Practice Method:Interpersonal Practice
Practice Area:Community and Social Systems
Scholarships:Rita Specter Gelman Scholarship and Mervin and Helen S. Pregulman Scholarship
Field Placement:Jewish Hospice and Chaplaincy Network, West Bloomfield, MI
Jacob Ehrlich grew up the child of a Reform Jewish father and a Catholic mother, who felt their children should have a sense of cultural and spiritual identity. So Jacob attended an Orthodox Hebrew school, which, with his mixed religious background, produced in him what he calls, “a mystic reverence toward tradition.” He was good at Hebrew and disapproving of other kids’ sacrilegious antics, so they teased him, saying he would grow up to be a rabbi. Make that a rabbi with a Masters in Social Work, thanks to the University of Michigan School of Social Work’s Jewish Communal Leadership Program (JCLP), and to Jacob’s Rita Specter Gelman and Mervin and Helen S. Pregulman Scholarships.
Jacob says that, “the idea of being a rabbi was brewing in me in secret forever,” but the decision to attend rabbinic school came upon graduation from college, where Jacob was an organizer for the Jewish Student Union. Going directly to rabbinic school felt wrong, though. Instead, Jacob moved to Detroit and got involved with Detroit Jews for Justice, a social justice organization founded by Congregation T’chiyah in Oak Park. In Detroit he also met U-M SSW alumnus Robert Siporin, who, as a U-M student, founded the organization, We Support Detroit Schools.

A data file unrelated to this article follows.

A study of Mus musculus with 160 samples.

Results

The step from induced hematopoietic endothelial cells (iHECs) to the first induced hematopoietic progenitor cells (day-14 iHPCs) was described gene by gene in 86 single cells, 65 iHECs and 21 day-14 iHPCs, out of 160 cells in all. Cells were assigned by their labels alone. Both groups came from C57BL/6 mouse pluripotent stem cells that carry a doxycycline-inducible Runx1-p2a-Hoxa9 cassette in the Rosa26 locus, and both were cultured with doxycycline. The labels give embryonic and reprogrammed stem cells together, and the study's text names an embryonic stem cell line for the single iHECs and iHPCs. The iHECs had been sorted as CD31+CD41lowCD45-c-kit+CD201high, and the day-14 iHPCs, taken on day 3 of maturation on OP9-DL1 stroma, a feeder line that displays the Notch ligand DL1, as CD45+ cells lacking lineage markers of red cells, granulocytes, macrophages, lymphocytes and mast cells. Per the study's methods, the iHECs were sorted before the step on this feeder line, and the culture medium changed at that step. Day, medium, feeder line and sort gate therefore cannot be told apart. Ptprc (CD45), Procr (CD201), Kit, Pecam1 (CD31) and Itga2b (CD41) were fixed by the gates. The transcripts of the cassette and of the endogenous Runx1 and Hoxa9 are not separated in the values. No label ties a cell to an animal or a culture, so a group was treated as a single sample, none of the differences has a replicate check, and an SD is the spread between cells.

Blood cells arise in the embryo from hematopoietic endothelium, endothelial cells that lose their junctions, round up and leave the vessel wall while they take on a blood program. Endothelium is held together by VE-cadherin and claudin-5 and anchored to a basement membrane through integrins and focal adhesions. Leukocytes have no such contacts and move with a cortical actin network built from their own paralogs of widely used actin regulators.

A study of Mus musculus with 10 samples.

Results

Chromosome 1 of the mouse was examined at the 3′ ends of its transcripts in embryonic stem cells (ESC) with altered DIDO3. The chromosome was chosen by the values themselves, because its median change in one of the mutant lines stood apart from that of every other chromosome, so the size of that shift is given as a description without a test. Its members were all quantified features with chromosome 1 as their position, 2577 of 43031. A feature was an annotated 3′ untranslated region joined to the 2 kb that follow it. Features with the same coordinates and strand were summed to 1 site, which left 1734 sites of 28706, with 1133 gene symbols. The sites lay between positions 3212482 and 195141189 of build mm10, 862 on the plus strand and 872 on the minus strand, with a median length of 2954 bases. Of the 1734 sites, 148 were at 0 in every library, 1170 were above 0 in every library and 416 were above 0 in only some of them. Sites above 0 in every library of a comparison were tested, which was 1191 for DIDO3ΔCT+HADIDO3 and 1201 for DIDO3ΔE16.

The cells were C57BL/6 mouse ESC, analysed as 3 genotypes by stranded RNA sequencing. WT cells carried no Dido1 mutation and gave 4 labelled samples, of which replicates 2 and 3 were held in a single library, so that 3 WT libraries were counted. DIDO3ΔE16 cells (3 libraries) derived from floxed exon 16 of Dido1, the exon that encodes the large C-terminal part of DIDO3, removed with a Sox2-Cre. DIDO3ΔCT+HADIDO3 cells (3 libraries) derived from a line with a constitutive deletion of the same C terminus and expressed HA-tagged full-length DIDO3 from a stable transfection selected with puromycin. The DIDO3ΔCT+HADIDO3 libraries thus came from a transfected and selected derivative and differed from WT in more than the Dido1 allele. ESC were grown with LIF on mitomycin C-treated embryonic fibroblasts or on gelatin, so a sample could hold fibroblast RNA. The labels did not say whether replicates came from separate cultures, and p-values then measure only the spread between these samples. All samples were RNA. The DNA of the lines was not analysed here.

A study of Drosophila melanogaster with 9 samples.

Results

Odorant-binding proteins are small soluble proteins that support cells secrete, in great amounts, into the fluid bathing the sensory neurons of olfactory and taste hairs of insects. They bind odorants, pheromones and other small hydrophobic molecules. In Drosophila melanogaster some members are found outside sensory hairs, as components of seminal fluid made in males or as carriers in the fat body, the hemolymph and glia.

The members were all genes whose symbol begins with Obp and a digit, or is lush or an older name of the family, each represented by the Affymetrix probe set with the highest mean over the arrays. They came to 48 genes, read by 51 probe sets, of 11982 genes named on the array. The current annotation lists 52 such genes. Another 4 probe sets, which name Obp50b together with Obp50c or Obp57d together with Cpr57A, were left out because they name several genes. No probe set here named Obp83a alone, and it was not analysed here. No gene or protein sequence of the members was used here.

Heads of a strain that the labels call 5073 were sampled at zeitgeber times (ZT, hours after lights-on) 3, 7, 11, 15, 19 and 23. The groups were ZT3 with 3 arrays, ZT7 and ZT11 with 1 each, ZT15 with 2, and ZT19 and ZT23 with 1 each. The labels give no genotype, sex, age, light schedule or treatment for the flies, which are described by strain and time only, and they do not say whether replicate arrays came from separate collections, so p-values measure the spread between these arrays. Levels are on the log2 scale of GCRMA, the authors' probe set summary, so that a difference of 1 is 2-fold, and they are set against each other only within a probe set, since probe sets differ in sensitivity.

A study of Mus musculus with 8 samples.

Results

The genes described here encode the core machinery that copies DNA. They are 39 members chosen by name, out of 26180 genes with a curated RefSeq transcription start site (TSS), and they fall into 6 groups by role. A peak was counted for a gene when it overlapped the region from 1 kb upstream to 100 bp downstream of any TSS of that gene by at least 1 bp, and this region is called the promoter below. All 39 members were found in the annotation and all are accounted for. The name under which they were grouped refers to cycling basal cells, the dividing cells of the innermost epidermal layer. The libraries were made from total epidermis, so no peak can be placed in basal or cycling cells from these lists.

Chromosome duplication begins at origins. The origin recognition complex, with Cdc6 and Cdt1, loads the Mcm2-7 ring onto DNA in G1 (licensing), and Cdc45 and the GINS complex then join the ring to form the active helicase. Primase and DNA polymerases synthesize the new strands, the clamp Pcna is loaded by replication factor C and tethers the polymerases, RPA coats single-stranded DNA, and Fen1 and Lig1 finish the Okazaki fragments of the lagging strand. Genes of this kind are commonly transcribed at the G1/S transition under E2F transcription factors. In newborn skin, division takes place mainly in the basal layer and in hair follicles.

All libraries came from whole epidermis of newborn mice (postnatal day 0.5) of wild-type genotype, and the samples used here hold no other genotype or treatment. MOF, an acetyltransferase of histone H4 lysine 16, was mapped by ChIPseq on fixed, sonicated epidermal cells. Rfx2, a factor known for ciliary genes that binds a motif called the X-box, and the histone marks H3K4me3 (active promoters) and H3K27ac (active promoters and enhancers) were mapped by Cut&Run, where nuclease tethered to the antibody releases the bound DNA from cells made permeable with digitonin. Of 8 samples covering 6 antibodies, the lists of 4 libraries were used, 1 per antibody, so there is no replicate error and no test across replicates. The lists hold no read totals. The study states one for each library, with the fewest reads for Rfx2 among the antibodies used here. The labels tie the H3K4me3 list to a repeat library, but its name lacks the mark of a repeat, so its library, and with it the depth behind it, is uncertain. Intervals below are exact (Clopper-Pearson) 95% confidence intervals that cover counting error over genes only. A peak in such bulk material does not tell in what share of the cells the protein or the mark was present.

“I thought about what in southeast Michigan could further me on my path,” Jacob recalls. “Bobby Siporin told me about the JCLP program at the U-M School of Social Work. I knew that getting an MSW in such an environment would allow me to do interdisciplinary work, combining professional training with Jewish studies. It would also help me toward rabbinic leadership and Jewish communal work and feed my interest in pastoral care.
“JCLP program is nearly unique in the field,” Jacob says. “You are part of an intimate cohort of peers, and you have a space for intensive processing and sharing. And while I am concentrating in interpersonal practice, the JCLP program is tailored to macro practice. This satisfies the interdisciplinary element I wanted; it has kept me from falling into the trap of taking just a micro-level approach.”
When Jacob is finally ordained, he thinks his destination may in fact be a college or university campus. “As I rabbi, I want to be a resource for the young vanguard, as they envision and manifest the spaces they want and need. I want people of all identities and backgrounds to be able to come together and feel they make a difference. I am committed to working against oppression but also to analyzing how oppression happens. There is much work to be done and reparations to be made for historical injustices and contemporary inequities.”
As for his Gelman and Pregulman Scholarships, Jacob says, “It wouldn’t be possible for me to be in this program at the School of Social Work without them. I used to be more anti-establishment. I saw my role as marginal in relation to big institutions. But being at the U-M School of Social Work in the JCLP program made me see first-hand how big institutions can be used to advance noble causes and manifest the kind of values I hold. I am very grateful!”